By Peter Dorfman
Access to the halls of power in the US remain stubbornly restricted for people of color — the brief, exceptional interlude of Barack Obama’s Presidency notwithstanding. But there has long been an exception to this pattern, at the level of municipal government. Black, Latinx and Asian-American mayors have served, often with great distinction, in cities large and small across the US for many decades. And it is about freaking time that a credible Black candidate for mayor came forward and got elected in Bloomington, Indiana.
1The Hamilton Legacy. As a key member of current Mayor John Hamilton’s administration, Griffin must be assumed to stand for continuity with the policies and the vision of that administration.
I don’t support the vision, which can best be summed up as follows: If we just make Bloomington big enough, good things will happen.
If you’ve followed this year’s Facebook posts from the Office of the Mayor, or if you’ve been subscribed (whether you asked to be or not) to the City’s almost daily promotional emails, you’ve been seeing what can only be described as an aggressive re-election campaign, going back as far as the spring, from the office of a mayor who promised to withhold announcement of his future plans until after November’s countywide election.
Notice how many of those posts (especially the chatty videos on Facebook) have pushed Don Griffin into the limelight. If Griffin is entirely his own man, as opposed to John Hamilton’s handpicked successor and heir to Hamilton legacy policies, I submit that the burden of proof for that contention is on Griffin.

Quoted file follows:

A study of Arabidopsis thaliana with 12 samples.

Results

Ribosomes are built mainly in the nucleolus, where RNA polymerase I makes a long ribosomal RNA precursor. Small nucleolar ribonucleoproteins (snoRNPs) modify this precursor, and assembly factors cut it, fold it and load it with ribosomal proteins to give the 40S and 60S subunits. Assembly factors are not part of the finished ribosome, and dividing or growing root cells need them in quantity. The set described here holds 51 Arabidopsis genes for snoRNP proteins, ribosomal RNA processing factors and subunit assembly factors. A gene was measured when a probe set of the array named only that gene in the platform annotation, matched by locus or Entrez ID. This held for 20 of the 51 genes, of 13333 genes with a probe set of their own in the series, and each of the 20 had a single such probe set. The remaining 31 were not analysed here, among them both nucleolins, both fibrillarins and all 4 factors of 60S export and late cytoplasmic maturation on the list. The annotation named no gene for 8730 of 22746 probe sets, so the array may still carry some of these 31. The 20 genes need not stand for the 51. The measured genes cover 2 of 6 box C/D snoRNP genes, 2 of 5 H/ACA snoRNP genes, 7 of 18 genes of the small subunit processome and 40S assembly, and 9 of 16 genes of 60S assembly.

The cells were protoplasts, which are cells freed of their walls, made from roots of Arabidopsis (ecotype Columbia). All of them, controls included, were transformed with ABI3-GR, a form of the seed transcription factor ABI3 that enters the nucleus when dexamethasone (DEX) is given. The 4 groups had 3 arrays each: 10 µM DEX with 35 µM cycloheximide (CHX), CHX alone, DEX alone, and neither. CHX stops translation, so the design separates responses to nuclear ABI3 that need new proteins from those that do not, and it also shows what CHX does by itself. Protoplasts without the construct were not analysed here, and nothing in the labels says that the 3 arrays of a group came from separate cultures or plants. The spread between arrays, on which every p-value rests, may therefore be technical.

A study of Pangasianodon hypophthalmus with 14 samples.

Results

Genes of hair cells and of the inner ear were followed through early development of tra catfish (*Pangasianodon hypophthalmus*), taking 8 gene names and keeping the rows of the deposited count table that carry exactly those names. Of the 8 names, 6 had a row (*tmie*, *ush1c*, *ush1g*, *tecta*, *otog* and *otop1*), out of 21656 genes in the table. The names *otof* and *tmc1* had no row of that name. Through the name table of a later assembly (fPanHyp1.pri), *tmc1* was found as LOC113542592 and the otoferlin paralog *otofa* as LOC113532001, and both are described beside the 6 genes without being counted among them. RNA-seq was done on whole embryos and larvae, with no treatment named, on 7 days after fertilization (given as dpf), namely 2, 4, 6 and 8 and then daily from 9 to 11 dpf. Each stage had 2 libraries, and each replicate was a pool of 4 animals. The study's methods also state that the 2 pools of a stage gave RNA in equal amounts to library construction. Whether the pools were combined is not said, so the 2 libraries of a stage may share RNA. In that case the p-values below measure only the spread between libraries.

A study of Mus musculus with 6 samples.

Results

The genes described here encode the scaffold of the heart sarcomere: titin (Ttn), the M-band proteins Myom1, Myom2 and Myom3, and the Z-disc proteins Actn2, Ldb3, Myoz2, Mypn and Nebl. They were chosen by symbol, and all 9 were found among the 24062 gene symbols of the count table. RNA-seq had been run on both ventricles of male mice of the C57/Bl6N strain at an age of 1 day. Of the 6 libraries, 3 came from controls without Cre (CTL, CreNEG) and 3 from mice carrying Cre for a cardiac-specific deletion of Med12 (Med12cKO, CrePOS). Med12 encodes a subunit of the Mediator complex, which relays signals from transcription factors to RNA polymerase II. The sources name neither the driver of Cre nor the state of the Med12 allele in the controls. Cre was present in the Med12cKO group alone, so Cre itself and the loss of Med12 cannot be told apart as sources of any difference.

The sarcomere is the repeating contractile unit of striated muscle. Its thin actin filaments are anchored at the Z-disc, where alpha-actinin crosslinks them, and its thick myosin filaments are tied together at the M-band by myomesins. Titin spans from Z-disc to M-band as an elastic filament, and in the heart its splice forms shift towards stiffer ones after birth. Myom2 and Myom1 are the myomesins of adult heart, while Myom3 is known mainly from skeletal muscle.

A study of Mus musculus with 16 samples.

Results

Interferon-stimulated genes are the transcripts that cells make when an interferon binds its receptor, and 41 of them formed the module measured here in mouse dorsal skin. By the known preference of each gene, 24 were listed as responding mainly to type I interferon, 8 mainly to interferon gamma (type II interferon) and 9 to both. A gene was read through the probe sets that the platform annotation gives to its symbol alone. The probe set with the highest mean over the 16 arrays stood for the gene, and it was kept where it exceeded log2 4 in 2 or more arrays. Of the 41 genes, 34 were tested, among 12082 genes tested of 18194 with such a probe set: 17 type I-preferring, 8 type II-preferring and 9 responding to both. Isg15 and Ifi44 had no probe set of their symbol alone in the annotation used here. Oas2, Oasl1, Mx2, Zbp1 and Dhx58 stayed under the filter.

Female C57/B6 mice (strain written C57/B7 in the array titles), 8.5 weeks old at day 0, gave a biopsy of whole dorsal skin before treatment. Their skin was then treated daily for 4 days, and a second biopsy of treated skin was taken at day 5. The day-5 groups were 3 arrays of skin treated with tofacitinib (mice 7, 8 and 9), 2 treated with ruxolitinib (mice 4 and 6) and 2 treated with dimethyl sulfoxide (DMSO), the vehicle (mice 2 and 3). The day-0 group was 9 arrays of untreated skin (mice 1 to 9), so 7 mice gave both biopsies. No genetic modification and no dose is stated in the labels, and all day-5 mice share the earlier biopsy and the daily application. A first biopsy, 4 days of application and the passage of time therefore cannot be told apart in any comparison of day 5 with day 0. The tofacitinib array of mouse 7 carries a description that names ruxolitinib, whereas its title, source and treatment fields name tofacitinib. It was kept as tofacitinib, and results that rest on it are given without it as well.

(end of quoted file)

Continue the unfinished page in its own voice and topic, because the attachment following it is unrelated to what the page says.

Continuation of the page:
The good news about Griffin’s entry into the mayoral race is that it restores to the electorate the opportunity for a referendum on the Hamilton administration’s record — an opportunity we seemed to have lost when Hamilton himself bowed out. This very divided and polarized city needs that opportunity. My vote in such a referendum is “No Mas.”
2Don Griffin is a Real Estate guy. He’s been a success at it. But that’s precisely the problem. The real estate industry is radically over-represented on the city’s boards and commissions, and has far too much power and influence in Bloomington as it is. It sent an appalling message when Hamilton appointed Griffin as deputy mayor.
I know Griffin slightly. He has struck me as fundamentally decent in the several conversations we’ve had in the last few years — conversations I’ve enjoyed. But electing a real estate executive as mayor would be the ultimate sellout to that industry, just as Bloomington is struggling with the failure of private sector market forces to provide any meaningful assistance with the city’s generally acknowledged shortage of affordable housing. The optics of this are awful.
The prevalence of identity politics among Monroe County’s Democrats makes it feel a bit risky to oppose the candidacy of an African-American leader who occupies a position of high stature in Bloomington. But OK. I’m out on that limb. Hear me out: Look past the man. Focus on the background and the legacy.